I played in an online rapid (10+0) arena tournment. I scored 4.5/9. I wanted to join to have multiple games to analyze, which I did. I was having a bit of low confidence with games, but this tournament helped me get over that a bit by winning a few games.
I think I figured out a better way for me to use Chessable. Instead of having lots of courses ongoing with tons of variations to review, I went back to focusing on just a few courses and slowly adding variations. This makes it feel much less overwhelming and I feel like I am actually studying and learning something.
I had more regular physical exercise this week, which really does help with my energy and focus.
I am back into the routine of doing the Chess Steps level 2 excercises.
Started looking at some endgame lessons, as this is an area of weakness for me.
I finsihed up a daily tournament with a number of local people. It was 12 games with 1-day time control and took about 3 weeks. I do not think these games are very valuable and just take away from time I could be spending on studying. In one of the many podcasts I listened to recently, the guest (probably a GM) talked about how these daily correspondence games are no good because you do not have any train of thought or ongoing plans.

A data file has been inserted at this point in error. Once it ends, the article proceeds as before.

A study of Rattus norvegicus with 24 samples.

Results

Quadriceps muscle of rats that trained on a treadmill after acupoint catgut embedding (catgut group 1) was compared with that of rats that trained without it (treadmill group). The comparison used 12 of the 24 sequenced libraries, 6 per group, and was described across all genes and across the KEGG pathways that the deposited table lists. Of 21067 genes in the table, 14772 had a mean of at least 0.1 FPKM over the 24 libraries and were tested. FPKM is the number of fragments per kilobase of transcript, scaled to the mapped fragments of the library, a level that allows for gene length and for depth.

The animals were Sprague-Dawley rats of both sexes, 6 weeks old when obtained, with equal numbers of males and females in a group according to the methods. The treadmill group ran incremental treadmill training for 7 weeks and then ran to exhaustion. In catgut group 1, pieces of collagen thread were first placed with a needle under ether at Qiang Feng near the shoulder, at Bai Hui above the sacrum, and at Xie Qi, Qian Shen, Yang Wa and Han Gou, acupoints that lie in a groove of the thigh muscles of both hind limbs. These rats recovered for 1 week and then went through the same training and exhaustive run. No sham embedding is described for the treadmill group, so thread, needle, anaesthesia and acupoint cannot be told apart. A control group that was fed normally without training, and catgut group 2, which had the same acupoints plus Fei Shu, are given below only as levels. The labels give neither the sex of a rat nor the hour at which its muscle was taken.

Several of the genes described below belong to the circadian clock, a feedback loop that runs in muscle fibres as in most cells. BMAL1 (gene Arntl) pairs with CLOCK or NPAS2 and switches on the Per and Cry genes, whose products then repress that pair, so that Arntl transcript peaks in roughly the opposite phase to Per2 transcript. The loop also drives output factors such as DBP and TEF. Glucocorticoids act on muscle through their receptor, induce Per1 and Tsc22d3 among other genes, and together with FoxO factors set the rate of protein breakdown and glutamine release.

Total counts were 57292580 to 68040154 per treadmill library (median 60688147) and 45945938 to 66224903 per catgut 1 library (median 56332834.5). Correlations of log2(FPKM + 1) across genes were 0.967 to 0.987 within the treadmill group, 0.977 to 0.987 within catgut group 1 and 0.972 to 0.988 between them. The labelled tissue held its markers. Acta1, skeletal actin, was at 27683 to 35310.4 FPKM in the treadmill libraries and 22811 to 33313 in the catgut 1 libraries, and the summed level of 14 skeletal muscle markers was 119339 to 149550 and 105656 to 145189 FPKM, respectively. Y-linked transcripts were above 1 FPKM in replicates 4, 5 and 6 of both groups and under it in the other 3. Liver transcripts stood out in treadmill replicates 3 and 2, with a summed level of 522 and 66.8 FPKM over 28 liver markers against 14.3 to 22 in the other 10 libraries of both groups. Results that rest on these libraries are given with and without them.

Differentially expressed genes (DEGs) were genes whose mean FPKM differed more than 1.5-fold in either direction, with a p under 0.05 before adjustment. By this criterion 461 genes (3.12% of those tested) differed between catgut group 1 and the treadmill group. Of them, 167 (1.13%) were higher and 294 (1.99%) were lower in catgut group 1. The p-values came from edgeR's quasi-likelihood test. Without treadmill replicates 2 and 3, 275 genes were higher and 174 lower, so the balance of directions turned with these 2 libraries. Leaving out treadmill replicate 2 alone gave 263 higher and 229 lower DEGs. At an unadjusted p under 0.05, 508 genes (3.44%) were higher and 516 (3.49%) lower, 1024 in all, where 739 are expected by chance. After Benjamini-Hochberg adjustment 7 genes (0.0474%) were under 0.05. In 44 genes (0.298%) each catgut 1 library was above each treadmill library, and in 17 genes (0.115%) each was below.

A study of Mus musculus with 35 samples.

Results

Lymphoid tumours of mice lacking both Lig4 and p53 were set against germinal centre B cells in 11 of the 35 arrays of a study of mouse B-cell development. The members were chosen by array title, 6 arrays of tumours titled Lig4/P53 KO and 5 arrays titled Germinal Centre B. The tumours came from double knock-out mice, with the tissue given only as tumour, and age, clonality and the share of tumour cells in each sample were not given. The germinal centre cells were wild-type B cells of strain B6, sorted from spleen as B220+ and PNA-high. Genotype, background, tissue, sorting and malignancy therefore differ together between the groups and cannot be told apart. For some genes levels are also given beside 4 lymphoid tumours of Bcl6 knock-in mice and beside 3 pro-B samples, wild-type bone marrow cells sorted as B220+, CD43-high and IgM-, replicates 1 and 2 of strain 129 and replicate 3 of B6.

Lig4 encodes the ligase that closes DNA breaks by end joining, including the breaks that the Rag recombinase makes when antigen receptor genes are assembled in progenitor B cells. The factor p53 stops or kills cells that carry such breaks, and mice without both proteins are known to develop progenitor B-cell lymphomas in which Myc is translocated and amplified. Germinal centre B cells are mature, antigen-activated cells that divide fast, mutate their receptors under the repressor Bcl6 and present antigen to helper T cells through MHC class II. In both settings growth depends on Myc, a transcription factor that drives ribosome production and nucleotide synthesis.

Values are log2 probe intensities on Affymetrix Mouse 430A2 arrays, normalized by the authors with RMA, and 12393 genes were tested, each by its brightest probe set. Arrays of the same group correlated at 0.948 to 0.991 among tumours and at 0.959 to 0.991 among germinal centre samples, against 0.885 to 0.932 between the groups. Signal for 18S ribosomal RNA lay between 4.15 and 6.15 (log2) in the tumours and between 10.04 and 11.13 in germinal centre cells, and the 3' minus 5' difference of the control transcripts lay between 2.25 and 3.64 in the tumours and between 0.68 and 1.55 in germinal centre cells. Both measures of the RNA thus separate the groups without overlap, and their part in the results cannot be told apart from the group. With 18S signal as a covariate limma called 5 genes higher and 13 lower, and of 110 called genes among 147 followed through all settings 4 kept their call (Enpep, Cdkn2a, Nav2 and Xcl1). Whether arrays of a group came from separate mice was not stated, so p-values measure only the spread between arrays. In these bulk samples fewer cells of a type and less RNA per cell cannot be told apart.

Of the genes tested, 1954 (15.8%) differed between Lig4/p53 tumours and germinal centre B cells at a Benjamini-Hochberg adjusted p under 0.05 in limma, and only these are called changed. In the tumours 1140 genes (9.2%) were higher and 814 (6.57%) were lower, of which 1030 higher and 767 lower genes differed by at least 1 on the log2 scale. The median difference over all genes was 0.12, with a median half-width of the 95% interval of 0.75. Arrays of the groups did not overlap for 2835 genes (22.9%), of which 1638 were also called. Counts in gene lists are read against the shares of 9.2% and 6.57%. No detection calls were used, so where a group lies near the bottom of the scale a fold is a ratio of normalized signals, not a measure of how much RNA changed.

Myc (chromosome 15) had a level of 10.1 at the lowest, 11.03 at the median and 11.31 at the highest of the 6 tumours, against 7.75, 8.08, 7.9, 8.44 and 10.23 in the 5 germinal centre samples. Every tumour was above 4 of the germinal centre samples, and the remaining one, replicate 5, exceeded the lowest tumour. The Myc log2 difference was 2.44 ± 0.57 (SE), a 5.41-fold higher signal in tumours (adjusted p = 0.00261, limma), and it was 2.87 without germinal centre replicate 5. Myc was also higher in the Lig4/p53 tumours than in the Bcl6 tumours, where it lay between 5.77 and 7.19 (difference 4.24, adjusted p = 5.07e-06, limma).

It is hard to find time to do all the things I want to do. I need to prioritize my studying.
Is it possible to tilt on puzzles? I dropped about 200 points as I kept trying to “win back” the points I had lost.
Slowly start to look at at least one opening on Chessable. I am trying to not worry much about openings, but there is something satisfying about playing a game and knowing they first 5-10 moves are the best moves.
I signed up for Aimchess which seems like a great tool. I like the idea of reviewing positions and tactics specific to my games.